An interview with playwright James Christy, about his play The Forever Question coming to the Mainstage.

 

 


In 2018, B Street Theatre launched the New Comedies Festival, a week-long development workshop with public play readings of four finalists from around the country. Not only would each playwright get the opportunity to develop their work further and hear two public readings of their work, but one would receive a full production in the forthcoming Mainstage season — a rare offering among play festivals. Our next Mainstage production is a selection from the 2018 New Comedies Festival. James Christy’s The Forever Question makes its World Premiere at The Sofia starting June 4, 2019. Artistic Associate Sean Patrick Nill met with James to discuss last year’s New Comedies Festival, his reasons for writing the play, and the process thus far.

Your play, The Forever Question, won the inaugural New Comedies Festival last year. What was that week in 2018 like?

It was pretty magical. The first thing is that you really do create a bond with the other writers. We’ve all been thrown into this pretty intense situation where each of us is focused on our own play and so it was fun to connect with them about what they were going through. The B Street team was so welcoming and positive and I felt like I learned a lot about the play while I was here.


For those patrons who saw last year’s reading, what are some revisions to expect?

I’m big on no spoilers so they are just going to have to come see for themselves. But I will say while the structure hasn’t changed, the individual scenes have changed a lot. What happens when you get to work directly with your director and actors in rehearsals is you get closer to the characters, because they are real live humans and not just words on a page. That frees you up to make different kinds of choices, but it also highlights words/phrases that don’t feel true to them or move them forward.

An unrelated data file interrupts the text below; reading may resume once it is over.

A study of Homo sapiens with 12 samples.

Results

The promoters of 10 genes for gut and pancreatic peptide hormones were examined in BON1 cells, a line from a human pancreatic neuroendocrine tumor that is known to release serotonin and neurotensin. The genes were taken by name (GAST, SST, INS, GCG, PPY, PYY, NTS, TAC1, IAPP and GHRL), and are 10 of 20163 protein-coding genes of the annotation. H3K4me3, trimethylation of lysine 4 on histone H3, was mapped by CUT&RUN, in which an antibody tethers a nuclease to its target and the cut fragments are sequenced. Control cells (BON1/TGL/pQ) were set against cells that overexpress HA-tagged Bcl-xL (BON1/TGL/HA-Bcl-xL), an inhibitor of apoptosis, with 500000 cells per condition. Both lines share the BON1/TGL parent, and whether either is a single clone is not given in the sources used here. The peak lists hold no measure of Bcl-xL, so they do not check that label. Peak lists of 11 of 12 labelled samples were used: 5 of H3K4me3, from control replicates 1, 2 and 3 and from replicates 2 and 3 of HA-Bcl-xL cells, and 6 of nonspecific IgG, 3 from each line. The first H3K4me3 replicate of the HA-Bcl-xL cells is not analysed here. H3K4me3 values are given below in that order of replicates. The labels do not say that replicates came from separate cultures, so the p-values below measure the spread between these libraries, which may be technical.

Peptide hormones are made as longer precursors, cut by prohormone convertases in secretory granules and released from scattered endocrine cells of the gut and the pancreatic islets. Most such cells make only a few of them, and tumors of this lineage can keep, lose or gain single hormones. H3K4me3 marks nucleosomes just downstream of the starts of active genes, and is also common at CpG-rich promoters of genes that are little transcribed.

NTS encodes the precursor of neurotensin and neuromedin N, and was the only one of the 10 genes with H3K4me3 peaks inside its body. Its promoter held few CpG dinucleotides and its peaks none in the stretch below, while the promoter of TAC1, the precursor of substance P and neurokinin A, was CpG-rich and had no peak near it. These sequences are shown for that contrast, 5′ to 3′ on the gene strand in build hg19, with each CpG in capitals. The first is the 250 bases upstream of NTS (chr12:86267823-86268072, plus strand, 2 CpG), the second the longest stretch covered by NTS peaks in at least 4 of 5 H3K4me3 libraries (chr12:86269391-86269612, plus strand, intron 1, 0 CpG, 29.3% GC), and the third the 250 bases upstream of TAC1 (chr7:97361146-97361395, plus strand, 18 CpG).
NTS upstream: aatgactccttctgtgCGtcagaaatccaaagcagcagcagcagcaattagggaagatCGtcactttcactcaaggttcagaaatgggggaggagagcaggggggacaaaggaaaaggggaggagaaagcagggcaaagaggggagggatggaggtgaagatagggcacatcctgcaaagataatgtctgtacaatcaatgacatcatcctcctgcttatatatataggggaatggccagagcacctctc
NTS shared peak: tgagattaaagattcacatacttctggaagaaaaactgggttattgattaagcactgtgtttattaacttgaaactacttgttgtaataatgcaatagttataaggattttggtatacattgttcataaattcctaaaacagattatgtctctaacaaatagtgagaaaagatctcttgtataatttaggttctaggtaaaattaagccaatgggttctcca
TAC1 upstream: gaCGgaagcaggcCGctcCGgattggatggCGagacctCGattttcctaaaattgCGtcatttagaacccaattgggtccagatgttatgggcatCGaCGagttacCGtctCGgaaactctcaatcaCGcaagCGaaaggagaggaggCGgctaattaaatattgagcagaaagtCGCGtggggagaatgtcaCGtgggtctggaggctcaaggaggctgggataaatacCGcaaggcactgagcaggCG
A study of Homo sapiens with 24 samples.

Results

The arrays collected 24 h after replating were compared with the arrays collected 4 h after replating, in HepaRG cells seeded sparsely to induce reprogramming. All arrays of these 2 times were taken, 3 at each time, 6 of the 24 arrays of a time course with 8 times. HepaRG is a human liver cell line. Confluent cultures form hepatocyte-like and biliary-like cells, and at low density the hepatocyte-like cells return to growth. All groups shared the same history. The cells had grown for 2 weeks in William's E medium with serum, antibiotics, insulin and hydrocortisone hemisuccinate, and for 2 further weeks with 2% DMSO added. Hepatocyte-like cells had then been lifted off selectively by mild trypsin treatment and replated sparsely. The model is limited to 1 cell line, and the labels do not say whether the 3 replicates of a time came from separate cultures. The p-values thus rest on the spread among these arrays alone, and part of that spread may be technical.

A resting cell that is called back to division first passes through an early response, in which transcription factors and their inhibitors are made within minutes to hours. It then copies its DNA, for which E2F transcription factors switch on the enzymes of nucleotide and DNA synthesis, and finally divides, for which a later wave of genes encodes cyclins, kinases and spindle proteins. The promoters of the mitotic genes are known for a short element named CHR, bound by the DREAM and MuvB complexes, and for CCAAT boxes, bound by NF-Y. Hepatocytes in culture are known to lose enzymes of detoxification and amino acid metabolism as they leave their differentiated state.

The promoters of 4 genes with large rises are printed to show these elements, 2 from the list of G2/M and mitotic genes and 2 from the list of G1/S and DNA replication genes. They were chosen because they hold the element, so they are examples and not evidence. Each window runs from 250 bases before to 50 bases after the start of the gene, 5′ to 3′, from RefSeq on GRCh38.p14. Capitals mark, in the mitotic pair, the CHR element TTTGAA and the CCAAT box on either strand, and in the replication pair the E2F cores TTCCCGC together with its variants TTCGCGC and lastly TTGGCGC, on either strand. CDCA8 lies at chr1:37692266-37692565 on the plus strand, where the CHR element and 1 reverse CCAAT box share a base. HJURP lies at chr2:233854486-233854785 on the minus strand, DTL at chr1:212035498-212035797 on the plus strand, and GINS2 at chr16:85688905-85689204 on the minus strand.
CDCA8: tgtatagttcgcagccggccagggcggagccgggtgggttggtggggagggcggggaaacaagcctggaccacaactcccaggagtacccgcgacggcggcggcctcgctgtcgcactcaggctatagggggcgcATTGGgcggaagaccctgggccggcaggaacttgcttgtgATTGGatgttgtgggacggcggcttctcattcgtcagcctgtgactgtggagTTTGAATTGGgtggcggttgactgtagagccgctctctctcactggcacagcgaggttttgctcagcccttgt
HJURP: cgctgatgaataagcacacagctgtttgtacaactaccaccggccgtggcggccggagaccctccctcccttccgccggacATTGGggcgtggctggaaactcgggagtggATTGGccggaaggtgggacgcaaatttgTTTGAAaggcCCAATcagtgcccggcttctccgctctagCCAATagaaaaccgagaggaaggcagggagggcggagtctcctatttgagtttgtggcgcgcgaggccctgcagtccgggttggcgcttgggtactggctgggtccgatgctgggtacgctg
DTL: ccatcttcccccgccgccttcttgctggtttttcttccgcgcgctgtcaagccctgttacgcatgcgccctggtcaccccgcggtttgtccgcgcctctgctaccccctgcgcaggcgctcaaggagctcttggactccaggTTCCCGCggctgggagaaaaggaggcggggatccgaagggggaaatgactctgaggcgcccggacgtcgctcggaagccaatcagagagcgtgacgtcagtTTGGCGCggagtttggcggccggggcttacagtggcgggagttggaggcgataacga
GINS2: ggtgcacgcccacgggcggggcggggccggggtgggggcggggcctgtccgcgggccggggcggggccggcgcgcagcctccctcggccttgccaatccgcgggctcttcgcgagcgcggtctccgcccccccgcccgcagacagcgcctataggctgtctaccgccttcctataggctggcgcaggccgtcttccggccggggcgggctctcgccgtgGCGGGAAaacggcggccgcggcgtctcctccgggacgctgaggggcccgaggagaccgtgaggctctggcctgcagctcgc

What inspired you to write this play?

The moment when I tell people I have three kids and they look at me like I’m a crazy person. While they don’t say the word “why?”, I can tell that’s what they’re thinking. So I just started thinking about how I would answer that question and this play started coming out.


Why do you think B Street’s New Comedies Festival is important for American Theatre today?

Oh man, I could write a book on this. First, the focus on comedy in new work I think is so important. It seems to me that many theatres sort of peg comedy in a narrow way. There are a handful of successful farces that make the rounds a lot, there are many musicals with strong comic elements that get revived a lot. There’s Christopher Durang. But beyond that I think many theatres don’t take comedy seriously. And they should. I personally feel comedy in front of a live audience can be profoundly memorable and life affirming. There’s a reason Netflix stand-up specials do well, because great performers feed off of a live audience. You do not get that in a comic TV show or a funny movie. The other thing that’s important to note here is B Street is defining comedy pretty broadly. Each of the four plays last year touched on some pretty important and weighty subjects.


What have rehearsals been like?

Amazing. After my first day I went home and wrote a long (seriously long) Facebook post about how incredible this process is for me. Here’s a snippet:

“What you have to understand about being in a rehearsal of a play you’ve written is that you are essentially like God. I can make these people do or say whatever I want that instant and they will do it. And if I decided those changes weren’t big enough I could go home tonight and write new scenes in totally different locations with different props and all these people would have to scramble like hell and figure out how to make that happen.” (Note: I didn’t do that. Yet.).

What are you hoping patrons get from this play?

Again, this could veer into spoilerville. But I’d say I want people to laugh at how many of the most important choices we make in life aren’t really logical or even explainable. Part of our humanity is unpredictable, emotional and hysterical. We all get different flavors of these things (or their opposite) from our parents, and (some of us) pass these things on to our kids. This play has made me appreciate that more, and I’m hoping people will get that from the production.

 

 

Image result for The Forever Question B Street Theatre
The Forever Question, graphic by Lunia Blue

The Forever Question begins June 4,  2019. Get your tickets at https://bstreettheatre.org/show/the-forever-question/ and come see this World Premiere comedy, featuring some of our favorite B Street Theatre actors.